Massachusetts bans texting while driving, 29th state to implement ban
U.S. Transportation Secretary Ray LaHood praised Massachusetts Gov. Deval Patrick on July 2 for signing a tough new anti-distraction law that bans texting while driving and sets strict penalties for the practice. Massachusetts is the 29th state to ban texting behind the wheel.
“Far too often, drivers allow electronic devices to distract them from the road,” LaHood says in a written statment. “For teen drivers, who are far less experienced behind the wheel, the dangers are compounded. Thanks to the bill signed into law…by Governor Patrick, Massachusetts roads will be safer for everyone.”
The new Massachusetts bill will fine adults $100 for texting as a first offense, $250 for a second offense, and $500 for a third. Drivers younger than 18, if caught texting or using a cell phone while driving, will receive a $100 fine in addition to a 60-day license suspension.
In addition, they will be required to take an “attitude” course before getting their license back. A second offense for young drivers would carry a 180-day suspension and a $250 fine. A third offense would generate a one-year suspension and a $500 fine.
According to the latest data from the National Highway Traffic Safety Administration (NHTSA), nearly 6,000 people died in 2008 in distracted driving crashes nationwide. The highest proportion of those crashes involved teen drivers, and a total of 659 teens were killed in distracted driving-related crashes.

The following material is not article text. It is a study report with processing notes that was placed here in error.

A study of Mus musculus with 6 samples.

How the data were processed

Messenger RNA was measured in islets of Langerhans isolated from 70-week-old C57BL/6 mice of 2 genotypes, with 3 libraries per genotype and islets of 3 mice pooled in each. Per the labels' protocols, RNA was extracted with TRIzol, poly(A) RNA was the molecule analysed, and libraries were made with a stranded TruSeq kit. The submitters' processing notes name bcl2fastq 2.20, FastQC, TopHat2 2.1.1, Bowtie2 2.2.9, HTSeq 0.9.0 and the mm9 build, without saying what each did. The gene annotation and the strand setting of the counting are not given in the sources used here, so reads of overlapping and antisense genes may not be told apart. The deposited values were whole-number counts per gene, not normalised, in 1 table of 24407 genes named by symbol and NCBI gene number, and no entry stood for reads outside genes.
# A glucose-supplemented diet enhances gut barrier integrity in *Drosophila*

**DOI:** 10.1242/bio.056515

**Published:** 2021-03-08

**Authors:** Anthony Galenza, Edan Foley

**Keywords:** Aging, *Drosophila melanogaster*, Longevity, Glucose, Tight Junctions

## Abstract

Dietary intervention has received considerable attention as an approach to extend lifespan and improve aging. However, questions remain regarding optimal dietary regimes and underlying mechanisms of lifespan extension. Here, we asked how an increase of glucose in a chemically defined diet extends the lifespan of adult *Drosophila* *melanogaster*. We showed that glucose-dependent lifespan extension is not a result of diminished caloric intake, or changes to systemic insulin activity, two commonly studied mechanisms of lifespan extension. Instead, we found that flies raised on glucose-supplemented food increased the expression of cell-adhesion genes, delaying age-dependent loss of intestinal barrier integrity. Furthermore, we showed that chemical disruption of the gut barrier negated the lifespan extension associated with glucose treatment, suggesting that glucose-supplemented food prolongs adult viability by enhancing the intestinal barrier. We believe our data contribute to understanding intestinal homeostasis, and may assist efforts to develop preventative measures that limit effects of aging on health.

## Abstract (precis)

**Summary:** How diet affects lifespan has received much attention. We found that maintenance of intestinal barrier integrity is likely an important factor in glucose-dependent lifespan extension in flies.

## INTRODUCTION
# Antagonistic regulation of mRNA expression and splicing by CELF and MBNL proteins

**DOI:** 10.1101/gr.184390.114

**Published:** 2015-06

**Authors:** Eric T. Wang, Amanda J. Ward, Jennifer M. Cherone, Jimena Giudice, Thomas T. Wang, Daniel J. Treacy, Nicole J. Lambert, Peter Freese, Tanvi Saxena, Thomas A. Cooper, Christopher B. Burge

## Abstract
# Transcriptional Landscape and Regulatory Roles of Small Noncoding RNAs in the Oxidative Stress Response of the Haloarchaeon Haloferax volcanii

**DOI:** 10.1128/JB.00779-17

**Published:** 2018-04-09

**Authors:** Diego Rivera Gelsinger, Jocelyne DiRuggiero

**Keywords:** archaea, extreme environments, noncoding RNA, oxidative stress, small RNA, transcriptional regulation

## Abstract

NHTSA has developed sample legislation that states can use to craft measures banning texting behind the wheel.
The sample bill is patterned after President Obama’s Oct. 1, 2009 Executive Order prohibiting federal employees from texting while operating government-owned vehicles and equipment.
Last year, more than 200 distracted driving bills were under consideration by state legislatures, and the pace has increased markedly this year.
Recently, Secretary LaHood launched pilot programs in New York and Connecticut as part of a “Phone in One Hand. Ticket in the Other.” campaign to study whether increased enforcement and public awareness can reduce distracted driving behavior.